Pakistan's former prime minister Imran Khan reached his residence here Saturday early morning after a prolonged standoff with authorities in Islamabad during which he was made to stay in the court premises over the provision of security to him despite being granted bail in a number of cases.
The Islamabad High Court (IHC) on Friday granted him protective bail for two weeks in a corruption case and barred the authorities from arresting the former Pakistan prime minister in any case registered anywhere in the country until Monday.
Three different benches of the IHC granted relief to the 70-year-old Pakistan Tehreek-e-Insaf (PTI) chief who was escorted to the court amid tight security.
Before his departure for Lahore after securing blanket bails from the IHC in a number of cases related to treason and violence and one related to the Al-Qadir Trust corruption case in which he was arrested early this week, Khan was allegedly made to stay more than three hours in the court by the Islamabad police on the security details.
He left the court premises after a protracted standoff with authorities.
Upon reaching his Zaman Park residence here, Khan was greeted by a number of jubilant PTI workers who showered rose petals on his vehicle, danced to the tune of drums and conducted massive fireworks.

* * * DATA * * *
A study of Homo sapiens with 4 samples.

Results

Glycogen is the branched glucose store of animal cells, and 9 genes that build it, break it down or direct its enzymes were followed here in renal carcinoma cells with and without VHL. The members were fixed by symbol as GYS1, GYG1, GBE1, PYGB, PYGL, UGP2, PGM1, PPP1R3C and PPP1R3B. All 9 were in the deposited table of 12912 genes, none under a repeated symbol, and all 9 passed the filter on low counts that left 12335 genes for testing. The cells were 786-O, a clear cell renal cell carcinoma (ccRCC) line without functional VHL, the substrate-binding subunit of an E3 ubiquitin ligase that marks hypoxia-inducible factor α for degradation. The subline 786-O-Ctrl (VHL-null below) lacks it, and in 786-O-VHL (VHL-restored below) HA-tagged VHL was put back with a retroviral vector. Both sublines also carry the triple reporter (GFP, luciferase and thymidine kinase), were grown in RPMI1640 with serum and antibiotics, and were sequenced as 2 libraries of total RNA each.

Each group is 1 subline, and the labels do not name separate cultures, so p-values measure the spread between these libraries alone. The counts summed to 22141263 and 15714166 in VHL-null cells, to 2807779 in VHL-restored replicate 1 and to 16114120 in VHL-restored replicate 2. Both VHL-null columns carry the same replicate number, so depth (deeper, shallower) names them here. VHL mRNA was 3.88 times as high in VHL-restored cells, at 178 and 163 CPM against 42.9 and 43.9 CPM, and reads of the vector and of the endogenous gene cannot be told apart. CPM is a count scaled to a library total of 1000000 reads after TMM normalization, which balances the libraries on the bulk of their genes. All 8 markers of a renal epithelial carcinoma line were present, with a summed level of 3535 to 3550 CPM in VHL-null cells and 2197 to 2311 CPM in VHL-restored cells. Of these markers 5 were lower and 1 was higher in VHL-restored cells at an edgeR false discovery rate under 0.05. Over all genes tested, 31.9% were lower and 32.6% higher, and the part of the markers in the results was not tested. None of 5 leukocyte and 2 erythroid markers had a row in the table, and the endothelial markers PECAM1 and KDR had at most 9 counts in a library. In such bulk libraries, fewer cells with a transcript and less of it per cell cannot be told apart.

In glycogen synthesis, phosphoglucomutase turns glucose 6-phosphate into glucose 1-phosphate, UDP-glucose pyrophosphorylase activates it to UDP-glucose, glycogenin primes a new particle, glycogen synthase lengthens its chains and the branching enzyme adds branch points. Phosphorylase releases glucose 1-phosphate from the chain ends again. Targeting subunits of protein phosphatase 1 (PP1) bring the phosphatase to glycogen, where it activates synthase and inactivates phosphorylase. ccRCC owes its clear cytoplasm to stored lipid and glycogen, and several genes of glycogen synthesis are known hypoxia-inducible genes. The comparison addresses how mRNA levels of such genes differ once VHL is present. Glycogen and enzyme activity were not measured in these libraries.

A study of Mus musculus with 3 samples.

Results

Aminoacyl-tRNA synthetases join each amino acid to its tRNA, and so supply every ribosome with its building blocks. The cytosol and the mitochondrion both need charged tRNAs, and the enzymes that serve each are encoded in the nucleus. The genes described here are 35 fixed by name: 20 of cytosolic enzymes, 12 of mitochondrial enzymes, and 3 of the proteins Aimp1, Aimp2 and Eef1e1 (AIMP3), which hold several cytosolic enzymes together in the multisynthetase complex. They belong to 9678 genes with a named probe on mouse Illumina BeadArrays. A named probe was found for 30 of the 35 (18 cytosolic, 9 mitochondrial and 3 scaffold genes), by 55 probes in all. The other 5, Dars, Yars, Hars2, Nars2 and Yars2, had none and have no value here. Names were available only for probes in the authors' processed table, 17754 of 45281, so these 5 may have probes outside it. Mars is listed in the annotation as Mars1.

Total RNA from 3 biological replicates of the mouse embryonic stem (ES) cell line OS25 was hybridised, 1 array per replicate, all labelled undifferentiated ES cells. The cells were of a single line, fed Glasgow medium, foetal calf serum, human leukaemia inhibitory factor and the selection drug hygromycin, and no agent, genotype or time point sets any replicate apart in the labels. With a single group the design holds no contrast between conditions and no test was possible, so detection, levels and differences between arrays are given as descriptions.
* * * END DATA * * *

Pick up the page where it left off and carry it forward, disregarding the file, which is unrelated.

They also chanted slogans in favour of Khan and against the ruling PML-N-led coalition.
The PTI released a video of Khan entering the house where his sisters and other family members welcomed him and inquired about his health.
Khan, who is demanding snap general elections, is facing over 120 cases across the country.
"Islamabad Inspector General of Police (IG) Akbar Nasir tried his best to retain me at the capital’s high court. They did not let us leave for three hours, saying that it’s dangerous outside,” the PTI chief said in a video message from his vehicle in which he was travelling back to Lahore.
He said he told the IG that he would tell the entire Pakistan that he was kidnapping him and upon this he let him go.
Interior Minister Rana Sanaullah had earlier declared that the government might take Khan into protective custody which made the PTI chief and his associates skeptical about the IG's action.
The Islamabad police also issued a statement saying providing security was a bilateral matter where the cooperation of the subject was required.
"Imran Khan did not cooperate with us for security arrangements, thus he is responsible for his actions. If anything happens to him (Khan) the state institutions will not be responsible," it said.
The arrest of Khan on Tuesday by the Pakistan Rangers at the IHC premises in a corruption case triggered unrest in Pakistan that continued till Friday in which scores of people were killed and dozens of military and state installations were destroyed by the protesters.
For the first time in Pakistan's history that the protesters stormed into the army headquarters (GHQ) in Rawalpindi and also torched a corps commander's house in Lahore.
Police put the death toll in violent clashes to 10 while Khan's party claims 40 of its workers lost their lives in the firing by security personnel.
Except for the headline, this story has not been edited by The Telegraph Online staff and has been published from a syndicated feed.